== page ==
Principal Reggie Hunt and teachers Melissa Currence and Jamila Neely

We asked Reggie Hunt, the principal of ISA partner school Winston-Salem Preparatory Academy, to tell us a little about his school, the students there, and its future.

Tell us about your school and the young people there. What might a visitor to your school notice first and foremost?  

Winston-Salem Preparatory Academy was established in 2004 from the Thurgood Marshall Scholarship Fund established by the Bill and Melinda Gates FoundationThe school is a magnet program which serves students in grades 612 and strives to prepare firstgeneration college students for a rigorous college experience. Many of our students remain at Winston-Salem Prep throughout their middle and high school years, with the total population of the school at about 395 students. We have small class sizes which foster a familial school culture. Our high school recently received recognition for an outstanding graduation rate of 96 percent; and this school year, a college exposure initiative was created to provide our students with exposure to surrounding colleges and universities beginning as early as their eighthgrade year. Our middle school is a Verizon Innovative Learning school, and this program provides our middle school students with iPads, a data plan, and high speed internet. This program has given us the opportunity to be 1-to-1 with devices for every student and teacher in grades 612.  

A visitor to Winston-Salem Prep usually notices our beautiful historic building that was erected in 1931 as a Rosenwald School. The building and grounds have been well preserved and restored over the years, with some of the original architecture still intact. Many visitors remark that they can feel the history as they walk through the building. When visitors enter learning environments at our school, they sense the familial environment between staff and students and our work to build this climate to grow both our students and teachers.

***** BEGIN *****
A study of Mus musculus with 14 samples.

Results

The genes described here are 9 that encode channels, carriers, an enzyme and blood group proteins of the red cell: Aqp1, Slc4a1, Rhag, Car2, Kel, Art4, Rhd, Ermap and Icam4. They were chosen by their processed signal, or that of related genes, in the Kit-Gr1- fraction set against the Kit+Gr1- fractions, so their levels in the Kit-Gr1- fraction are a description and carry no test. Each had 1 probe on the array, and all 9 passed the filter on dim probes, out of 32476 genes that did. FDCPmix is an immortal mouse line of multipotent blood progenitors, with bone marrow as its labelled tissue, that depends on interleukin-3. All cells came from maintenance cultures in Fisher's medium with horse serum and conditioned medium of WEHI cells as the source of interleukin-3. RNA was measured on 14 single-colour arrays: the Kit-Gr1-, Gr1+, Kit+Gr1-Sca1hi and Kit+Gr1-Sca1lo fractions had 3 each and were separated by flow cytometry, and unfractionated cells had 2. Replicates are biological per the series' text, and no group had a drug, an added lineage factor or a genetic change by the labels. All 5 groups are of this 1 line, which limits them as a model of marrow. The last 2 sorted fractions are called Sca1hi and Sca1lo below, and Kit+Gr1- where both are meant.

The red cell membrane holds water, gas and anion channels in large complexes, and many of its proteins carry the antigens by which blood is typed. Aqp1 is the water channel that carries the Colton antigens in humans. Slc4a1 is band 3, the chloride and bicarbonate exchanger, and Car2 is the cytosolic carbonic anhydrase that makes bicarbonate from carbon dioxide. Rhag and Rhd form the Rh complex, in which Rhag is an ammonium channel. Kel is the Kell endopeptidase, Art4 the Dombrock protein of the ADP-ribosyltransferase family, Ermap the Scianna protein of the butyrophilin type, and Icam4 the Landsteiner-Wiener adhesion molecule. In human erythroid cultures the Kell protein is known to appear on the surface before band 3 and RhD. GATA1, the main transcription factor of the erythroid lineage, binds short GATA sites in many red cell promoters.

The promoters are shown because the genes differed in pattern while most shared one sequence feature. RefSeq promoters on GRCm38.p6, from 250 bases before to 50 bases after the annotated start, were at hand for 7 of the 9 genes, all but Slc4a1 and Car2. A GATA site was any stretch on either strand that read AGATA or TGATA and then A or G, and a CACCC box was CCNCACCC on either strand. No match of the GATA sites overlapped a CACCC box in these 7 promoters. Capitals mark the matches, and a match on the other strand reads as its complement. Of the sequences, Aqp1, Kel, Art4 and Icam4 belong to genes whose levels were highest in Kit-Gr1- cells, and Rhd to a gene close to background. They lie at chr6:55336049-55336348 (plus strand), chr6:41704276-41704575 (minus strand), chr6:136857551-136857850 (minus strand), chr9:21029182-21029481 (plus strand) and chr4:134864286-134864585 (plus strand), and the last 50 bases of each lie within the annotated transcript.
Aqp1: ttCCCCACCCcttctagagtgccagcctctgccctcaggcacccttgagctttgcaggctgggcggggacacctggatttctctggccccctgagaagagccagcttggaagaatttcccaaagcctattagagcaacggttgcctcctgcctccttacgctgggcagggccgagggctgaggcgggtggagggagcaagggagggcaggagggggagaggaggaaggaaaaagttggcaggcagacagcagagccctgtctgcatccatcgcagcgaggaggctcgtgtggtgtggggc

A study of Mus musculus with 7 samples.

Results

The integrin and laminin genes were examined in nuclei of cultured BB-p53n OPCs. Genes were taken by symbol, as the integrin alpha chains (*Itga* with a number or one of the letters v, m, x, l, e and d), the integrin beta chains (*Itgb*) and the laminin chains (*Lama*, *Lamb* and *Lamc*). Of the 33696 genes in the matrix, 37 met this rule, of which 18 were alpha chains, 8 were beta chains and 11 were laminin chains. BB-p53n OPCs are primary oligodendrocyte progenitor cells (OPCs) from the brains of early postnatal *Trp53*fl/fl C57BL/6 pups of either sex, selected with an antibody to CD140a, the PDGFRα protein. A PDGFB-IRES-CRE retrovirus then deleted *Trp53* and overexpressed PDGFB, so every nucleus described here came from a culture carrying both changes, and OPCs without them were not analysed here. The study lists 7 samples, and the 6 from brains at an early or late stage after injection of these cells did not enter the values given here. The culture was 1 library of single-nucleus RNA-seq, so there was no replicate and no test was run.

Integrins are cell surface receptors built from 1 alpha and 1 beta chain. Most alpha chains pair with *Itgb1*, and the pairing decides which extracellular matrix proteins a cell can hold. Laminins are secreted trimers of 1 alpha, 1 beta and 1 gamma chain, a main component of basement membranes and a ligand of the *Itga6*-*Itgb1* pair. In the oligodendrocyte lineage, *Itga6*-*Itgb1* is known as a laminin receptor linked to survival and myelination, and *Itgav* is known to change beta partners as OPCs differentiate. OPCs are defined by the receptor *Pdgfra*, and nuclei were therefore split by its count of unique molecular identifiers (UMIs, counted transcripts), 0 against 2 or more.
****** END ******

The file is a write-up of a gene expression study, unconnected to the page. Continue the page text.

Principal Hunt and visual arts teacher Kim Watkins

What would you say are the greatest strengths of Winston-Salem Prep? 

I would say that the greatest strengths of our school are some of what I have outlined above: The familial learning environment with small class sizes that foster effective personalized learning and our technology, with high school students 1-to-1 with Chromebooks and middle school students 1-to-1 using iPads. Our school also has important access to community resources. For example, an entrepreneurship program will be established at Winston-Salem Prep for the 20202021 school year through philanthropic group called The Twenty, with Wake Forest University undergraduates and medical students serving as mentors and academic tutors to our students.   

How has ISA helped you and your teachers? What’s been the most valuable part of your work with ISA?  

ISA coaches have been very instrumental in providing non-evaluative support to our teachers in language arts and math. With ISA’s support, our teachers are able to strengthen their instruction within the framework established by the school’s leadership team. ISA coaches have provided strategies that have propelled growth related to our quarterly benchmarks.  

The most valuable part of my own work with ISA has been the time I’ve spent with my principal coach, Dr. Marvin Pryor. His perspective and help have been invaluable, providing me with approaches to school improvement that have proved to be very resourceful for both my staff and my personal career.   

Where do you imagine Winston-Salem Prep going in the next five years? What does the future hold for your school and its students?  

Here are our highlights:  

  • Increased enrollment; 
  • A stronger academic framework that prepares our students with leadership skills and an entrepreneurial mindset upon graduation; 
  • Strengthened ties to the community that will provide more internship opportunities and avenues that will build industryrecognized skills among our students; and lastly 
  • Winston-Salem Prep as a leading magnet program for minority students in North Carolina’s Piedmont Triad.